Joshua Mark Williams on the importance that needs to be placed on heritage

Name:

Joshua Mark Williams

Role and company:

Director of TailsClothing.com

Employee numbers:

5, including our freelance creative team.

Growth forecast for the next three years:

Over the next three years, we expect an annual growth rate of 20-25 per cent.

In under 50 words, what makes your business distinctive in its marketplace:

Tails Clothing is a classic menswear retailer, distinctive for the importance we place on heritage. We’re careful only to source garments from traditional artisan producers, many of whom are in their third or fourth generation. Our winter jumpers, for instance, are stocked from a Norwegian manufacturer run by its founder’s grandchildren.

What’s the big vision for your business?

We’re a family business too – my father founded Tails in 1979 as a stall in a Cardiff antique market, and I grew up with the business.

More than thirty years later, our vision is to become the online destination of choice for well-dressed and discerning men, without losing our family feel.

Current level of international business, and future aspirations:

Currently, our sales are 55 per cent British and 15 per cent European, with 30 per cent going to the rest of the world. Our stock is held centrally, and shipped from the UK. In future, our dream is to build a loyal following in all of the world’s major cities.

From Breton shirts to espadrilles from the Basque country, many of our heritage items are imported from continental Europe. We pay our overseas suppliers using UKForex, who also manage our foreign exchange risk. Limiting our exposure to unanticipated changes in exchange rates is critical, as imports are at the heart of our business – we’ve found the service they provide makes a real difference to our bottom line.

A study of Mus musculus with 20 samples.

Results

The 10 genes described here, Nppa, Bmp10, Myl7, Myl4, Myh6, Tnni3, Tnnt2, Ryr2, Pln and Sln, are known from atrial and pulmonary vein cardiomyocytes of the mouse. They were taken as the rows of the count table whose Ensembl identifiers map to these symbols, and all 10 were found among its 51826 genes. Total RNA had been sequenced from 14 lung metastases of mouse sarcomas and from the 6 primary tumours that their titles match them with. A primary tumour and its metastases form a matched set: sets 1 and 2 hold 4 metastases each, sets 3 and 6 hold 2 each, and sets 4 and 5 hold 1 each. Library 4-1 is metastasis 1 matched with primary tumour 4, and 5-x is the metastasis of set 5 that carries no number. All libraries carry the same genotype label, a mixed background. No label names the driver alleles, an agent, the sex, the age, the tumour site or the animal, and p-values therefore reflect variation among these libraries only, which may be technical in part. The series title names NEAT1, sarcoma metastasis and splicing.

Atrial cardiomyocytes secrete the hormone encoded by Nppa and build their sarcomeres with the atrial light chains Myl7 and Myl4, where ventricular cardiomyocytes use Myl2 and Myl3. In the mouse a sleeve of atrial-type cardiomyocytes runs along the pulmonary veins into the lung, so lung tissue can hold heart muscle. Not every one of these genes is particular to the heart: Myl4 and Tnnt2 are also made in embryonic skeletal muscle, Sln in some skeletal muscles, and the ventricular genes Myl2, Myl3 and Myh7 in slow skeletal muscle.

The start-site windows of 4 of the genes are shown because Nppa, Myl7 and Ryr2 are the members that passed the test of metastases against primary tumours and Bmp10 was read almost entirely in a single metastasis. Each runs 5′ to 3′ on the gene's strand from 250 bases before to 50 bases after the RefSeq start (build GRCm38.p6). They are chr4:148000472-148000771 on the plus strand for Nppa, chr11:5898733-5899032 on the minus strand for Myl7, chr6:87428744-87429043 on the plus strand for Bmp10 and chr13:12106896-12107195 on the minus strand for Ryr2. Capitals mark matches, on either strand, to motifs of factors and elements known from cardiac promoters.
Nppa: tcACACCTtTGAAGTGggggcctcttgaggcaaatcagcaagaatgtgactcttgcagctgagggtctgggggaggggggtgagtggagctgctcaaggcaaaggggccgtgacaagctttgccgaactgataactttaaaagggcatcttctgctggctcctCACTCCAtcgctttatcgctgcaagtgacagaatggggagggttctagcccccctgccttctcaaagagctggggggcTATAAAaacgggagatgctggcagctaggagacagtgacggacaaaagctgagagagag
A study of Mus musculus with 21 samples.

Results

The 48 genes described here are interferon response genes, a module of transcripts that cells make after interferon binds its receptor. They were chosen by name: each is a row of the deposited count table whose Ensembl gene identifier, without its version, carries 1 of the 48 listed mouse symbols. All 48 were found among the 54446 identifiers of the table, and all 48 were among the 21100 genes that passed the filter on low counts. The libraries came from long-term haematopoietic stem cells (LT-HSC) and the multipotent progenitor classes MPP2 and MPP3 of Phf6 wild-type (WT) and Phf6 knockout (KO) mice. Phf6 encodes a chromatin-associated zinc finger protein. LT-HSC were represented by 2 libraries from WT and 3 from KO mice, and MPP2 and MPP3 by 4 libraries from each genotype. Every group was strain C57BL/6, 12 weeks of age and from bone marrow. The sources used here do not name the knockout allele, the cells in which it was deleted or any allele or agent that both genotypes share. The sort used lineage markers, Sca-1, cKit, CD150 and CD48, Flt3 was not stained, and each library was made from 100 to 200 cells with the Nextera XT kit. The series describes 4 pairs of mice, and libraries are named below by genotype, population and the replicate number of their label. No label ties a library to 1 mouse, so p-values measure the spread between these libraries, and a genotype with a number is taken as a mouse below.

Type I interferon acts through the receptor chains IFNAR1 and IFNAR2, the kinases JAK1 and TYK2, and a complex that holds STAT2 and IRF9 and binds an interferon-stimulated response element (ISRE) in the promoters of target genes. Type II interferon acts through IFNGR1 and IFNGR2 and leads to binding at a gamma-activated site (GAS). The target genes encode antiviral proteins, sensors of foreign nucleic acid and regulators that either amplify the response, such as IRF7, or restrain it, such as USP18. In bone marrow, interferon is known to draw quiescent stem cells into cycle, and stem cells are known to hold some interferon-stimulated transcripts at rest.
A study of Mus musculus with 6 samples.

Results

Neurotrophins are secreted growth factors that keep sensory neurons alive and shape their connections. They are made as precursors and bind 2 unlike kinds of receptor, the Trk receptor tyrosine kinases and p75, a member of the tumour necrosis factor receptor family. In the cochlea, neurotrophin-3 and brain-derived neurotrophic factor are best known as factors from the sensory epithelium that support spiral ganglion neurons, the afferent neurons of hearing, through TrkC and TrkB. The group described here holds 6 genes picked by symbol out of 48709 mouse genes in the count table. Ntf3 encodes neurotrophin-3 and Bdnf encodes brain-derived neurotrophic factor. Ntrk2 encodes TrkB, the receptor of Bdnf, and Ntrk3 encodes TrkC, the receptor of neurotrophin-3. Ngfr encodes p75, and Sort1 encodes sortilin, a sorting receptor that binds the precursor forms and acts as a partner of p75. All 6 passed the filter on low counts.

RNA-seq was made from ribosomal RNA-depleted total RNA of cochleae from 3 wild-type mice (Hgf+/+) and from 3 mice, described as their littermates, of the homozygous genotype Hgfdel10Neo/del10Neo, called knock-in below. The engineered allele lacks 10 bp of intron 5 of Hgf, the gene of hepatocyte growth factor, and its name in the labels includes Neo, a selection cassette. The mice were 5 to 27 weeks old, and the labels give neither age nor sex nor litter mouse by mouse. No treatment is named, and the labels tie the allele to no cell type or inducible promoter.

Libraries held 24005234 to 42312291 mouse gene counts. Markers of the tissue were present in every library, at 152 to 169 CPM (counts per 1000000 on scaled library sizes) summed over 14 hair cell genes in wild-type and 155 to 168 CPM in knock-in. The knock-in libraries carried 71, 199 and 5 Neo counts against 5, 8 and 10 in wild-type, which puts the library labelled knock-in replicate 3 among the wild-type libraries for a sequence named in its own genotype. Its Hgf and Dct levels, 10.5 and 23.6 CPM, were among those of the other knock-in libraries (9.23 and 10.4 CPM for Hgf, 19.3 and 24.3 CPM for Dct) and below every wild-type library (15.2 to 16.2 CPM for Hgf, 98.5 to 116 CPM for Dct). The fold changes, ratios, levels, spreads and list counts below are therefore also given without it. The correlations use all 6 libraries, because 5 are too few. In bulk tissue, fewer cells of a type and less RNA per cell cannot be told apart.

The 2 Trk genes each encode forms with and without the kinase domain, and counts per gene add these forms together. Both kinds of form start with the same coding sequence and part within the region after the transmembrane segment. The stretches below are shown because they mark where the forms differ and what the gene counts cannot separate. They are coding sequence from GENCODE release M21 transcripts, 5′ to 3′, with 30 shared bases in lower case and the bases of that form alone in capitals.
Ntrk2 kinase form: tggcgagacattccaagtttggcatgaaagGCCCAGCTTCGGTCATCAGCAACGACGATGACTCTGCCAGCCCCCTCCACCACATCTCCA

What makes you mad in business today?

I feel there’s a lack of support in today’s society for young people who want to start up their own businesses. A lack of confidence in young people ensues as a result. Overall, there is still an inclination towards the ‘proper job’.

What will be the biggest change in your market in the next three years?

Online retail is changing very fast as technology evolves. Menswear, however, has a natural aversion to change and is rooted in classic styles rather than fast fashions, so the future remains uncertain.

We will need to be sensitive to the location of new markets. Currently, we are seeing increased sales to Russia and the Middle East. This bodes well for us, as both markets have a taste for heritage fashion.

How would others describe your leadership style?

I try to have a mentor-leadership style. I enjoy taking in fashion and textiles students from nearby universities – we offer internships on a regular basis, and I frequently go to local universities to speak to the students. I want to encourage more of a commercial and industry perspective in the next generation of undergraduates.

Your biggest personal extravagance?

Probably my mountaineering gear. It’s only an extravagance when you’re buying it, though – not when you’re up a mountain using it!

You’ve got two minutes with the prime minister. Tell him how best to set the UK’s independent, entrepreneurial businesses free to prosper:

The government’s role should be to educate and facilitate. Fund education opportunities, but let experts provide them – encourage mutual arrangements between business and academia and fully subsidise apprenticeships within small businesses.